Hot Pepper Jelly is a delightful way to preserve summers chili peppers and makes a great homemade gift for family and friends.
When life, or your CSA or garden, gives you a bunch of peppers all at once it's time to make some hot pepper jelly.
If you aren't familiar with this southern treat it is a delightful spicy sweet jelly jam combination - part spicy pepper, part vinegar and part sugary sweet. It might sound like an odd combination but it all comes together wonderfully.
If you are new to jam or jelly making this is a great recipe to start with since you add liquid pectin to get it to gel. It takes the guess work out of reaching the gelling point.
What kind of peppers should I use?
As I say so often on the blog, use what you like or what you have on hand. Here's a peak at the Scoville Scale (aka "hotness or "spiciness" scale).
The hotter the peppers, the hotter the jelly. I usually prefer my peppers in the Anaheim to Serrano level, but if you want to go for Carolina Reaper, enjoy!
Leaving in the seeds and membranes will also make the jelly hotter.
While you can mix green (unripe) and red (ripe) peppers, the color of the finished jelly could be somewhat unappetizing. Better to make two different batches, one of each color.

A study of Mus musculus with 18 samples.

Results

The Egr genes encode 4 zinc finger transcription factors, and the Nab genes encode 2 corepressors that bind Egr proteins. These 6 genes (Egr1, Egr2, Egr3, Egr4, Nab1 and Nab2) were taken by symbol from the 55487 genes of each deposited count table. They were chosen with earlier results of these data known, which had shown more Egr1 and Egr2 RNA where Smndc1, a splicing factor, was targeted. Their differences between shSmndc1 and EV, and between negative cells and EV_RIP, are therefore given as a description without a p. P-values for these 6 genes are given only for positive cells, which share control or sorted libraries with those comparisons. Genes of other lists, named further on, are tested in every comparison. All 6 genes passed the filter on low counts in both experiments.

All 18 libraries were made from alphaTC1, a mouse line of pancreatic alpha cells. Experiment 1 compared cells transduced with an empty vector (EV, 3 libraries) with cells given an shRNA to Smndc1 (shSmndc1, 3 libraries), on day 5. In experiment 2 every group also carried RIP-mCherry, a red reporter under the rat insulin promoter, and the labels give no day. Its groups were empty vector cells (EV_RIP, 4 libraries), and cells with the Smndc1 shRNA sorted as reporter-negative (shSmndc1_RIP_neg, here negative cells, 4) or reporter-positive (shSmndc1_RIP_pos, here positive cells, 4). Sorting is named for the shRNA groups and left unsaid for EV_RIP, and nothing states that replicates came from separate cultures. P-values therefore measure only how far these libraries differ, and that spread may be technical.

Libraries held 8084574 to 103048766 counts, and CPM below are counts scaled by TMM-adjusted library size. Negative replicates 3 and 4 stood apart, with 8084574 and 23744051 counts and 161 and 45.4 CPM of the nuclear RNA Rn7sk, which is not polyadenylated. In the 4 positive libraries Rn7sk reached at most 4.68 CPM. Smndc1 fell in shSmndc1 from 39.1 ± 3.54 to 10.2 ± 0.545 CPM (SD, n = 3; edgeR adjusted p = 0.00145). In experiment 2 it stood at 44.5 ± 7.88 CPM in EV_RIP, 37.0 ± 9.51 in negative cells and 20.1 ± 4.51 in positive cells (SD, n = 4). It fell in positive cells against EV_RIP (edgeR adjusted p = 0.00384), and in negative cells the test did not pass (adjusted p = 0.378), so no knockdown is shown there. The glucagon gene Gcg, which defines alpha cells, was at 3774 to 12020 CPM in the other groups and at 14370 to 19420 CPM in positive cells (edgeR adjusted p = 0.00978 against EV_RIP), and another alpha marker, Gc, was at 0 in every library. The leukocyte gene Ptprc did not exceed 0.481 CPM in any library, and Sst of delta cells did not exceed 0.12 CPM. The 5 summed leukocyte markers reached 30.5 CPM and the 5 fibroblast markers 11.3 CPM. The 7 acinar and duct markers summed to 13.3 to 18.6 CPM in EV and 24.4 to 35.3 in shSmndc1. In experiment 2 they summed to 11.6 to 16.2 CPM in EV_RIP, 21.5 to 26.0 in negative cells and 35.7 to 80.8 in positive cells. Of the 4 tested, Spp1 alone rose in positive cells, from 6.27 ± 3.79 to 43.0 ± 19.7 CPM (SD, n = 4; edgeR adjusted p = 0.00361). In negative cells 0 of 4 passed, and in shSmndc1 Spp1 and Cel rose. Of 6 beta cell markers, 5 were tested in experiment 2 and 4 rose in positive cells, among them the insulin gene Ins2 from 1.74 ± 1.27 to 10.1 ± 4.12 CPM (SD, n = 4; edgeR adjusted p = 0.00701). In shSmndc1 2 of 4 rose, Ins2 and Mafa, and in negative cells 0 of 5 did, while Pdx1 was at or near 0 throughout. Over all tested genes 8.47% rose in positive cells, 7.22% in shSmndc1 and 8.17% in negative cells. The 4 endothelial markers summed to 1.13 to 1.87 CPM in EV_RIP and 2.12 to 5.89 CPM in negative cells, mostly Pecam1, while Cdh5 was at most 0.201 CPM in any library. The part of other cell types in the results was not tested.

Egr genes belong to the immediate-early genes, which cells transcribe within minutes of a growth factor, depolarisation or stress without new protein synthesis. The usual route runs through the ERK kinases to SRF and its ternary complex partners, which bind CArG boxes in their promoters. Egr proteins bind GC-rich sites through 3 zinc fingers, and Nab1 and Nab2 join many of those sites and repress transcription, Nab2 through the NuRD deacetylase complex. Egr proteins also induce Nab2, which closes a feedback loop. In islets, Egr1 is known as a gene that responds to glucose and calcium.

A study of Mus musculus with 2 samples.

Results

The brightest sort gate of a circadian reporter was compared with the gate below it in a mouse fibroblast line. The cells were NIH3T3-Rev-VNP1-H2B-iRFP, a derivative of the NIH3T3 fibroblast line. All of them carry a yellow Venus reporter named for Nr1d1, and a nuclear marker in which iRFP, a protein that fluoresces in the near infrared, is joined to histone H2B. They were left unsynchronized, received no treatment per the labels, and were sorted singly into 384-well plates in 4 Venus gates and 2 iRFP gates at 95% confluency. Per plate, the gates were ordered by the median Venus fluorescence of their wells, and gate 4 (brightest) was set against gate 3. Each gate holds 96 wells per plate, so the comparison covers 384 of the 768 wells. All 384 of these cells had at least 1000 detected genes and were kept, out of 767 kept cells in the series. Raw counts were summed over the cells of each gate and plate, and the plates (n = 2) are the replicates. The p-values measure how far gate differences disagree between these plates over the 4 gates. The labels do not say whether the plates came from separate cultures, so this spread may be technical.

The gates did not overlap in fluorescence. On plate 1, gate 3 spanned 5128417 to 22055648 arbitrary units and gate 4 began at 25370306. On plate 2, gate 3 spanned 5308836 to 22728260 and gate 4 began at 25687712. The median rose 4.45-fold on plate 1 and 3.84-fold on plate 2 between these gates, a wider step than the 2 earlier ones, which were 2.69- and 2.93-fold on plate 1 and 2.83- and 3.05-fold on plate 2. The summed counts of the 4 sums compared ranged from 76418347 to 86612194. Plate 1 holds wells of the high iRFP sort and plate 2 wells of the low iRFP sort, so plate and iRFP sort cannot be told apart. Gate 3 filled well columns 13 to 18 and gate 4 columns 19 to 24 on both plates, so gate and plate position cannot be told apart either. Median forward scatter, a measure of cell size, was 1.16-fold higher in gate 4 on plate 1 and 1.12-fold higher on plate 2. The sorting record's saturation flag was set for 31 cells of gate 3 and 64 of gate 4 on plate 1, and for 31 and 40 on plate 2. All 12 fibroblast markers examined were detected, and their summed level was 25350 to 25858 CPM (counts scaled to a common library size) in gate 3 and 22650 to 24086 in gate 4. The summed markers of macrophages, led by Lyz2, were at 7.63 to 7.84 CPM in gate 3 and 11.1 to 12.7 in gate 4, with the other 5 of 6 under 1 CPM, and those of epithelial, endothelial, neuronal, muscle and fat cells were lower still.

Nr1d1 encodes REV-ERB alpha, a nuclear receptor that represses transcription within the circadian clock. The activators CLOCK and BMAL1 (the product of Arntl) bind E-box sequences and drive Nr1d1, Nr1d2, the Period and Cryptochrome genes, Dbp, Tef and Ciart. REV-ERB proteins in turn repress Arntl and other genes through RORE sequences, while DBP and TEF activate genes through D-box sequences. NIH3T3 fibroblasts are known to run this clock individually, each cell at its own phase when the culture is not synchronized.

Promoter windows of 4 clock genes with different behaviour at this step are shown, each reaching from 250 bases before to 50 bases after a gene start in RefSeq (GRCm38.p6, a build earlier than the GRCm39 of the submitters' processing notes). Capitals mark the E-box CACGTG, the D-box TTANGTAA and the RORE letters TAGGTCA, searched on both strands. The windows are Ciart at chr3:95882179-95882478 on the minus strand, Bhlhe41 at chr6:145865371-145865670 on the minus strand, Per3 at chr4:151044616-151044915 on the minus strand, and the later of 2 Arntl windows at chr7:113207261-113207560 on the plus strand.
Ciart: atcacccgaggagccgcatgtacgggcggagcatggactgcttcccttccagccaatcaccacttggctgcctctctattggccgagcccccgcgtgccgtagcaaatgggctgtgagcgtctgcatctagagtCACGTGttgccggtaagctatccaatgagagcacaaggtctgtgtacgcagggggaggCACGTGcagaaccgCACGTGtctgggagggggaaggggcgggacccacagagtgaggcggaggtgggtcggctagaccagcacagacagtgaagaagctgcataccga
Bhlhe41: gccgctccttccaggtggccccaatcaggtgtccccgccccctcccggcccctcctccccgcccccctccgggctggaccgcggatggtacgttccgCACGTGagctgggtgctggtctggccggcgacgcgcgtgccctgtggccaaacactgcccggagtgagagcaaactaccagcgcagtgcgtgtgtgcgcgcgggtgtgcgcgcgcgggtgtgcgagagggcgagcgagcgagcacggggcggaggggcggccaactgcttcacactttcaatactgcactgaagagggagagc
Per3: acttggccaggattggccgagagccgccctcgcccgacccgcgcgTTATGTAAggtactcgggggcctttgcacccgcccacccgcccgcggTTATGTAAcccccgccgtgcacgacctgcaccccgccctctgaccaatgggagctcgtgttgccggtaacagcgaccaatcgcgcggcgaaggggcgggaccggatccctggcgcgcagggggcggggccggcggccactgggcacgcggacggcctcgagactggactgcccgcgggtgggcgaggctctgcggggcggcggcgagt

How to Use Hot Pepper Jelly
You can use pepper jelly any way you would use any other jam or jelly, but a few special ways to use it:
- pour over a block of cream cheese or brie and serve with crackers or sliced baguettes.
- glaze chicken or fish then broil or grill
- add to a margarita
- as a dipping sauce for shrimp, chicken pieces, meatballs, etc.
Hot Pepper Jelly
- 1 pound fresh chili peppers (jalapeno, cayenne, poblano, anaheim, etc.)
- 2 cups apple cider vinegar
- 6 cups sugar
- 2 pouches 3 ounce size liquid pectin
- Wear gloves, cut off stem and remove seeds and membranes from peppers. Leave membranes and seeds for a hotter jelly.
- Puree peppers in food processor or blender with 1 cup cider vinegar until smooth. Do not strain.
- In a large stock pot combine puree with remaining 1 cup cider vinegar and sugar. Bring to a boil over high heat. Boil 10 minutes, stirring frequently.
- Add liquid pectin. Continue boiling for 1 minute, stirring constantly. Remove from heat. Add food coloring, if using, and skim foam if necessary.
- Ladle jelly into half pint jars, adjust 2 piece lid.
- Process in a boiling water canner for 10 minutes.
Thank you for hosting! This is what I featured the week of 10-28 to 11-1 on my blog. On Tuesday morning was a Raspberry Custard Pie. Wednesday I posted a Blackberry Cobbler. Wrapping up this week of fruity pies, cobblers and tarts I highlighted a Key Lime Tart. Enjoy!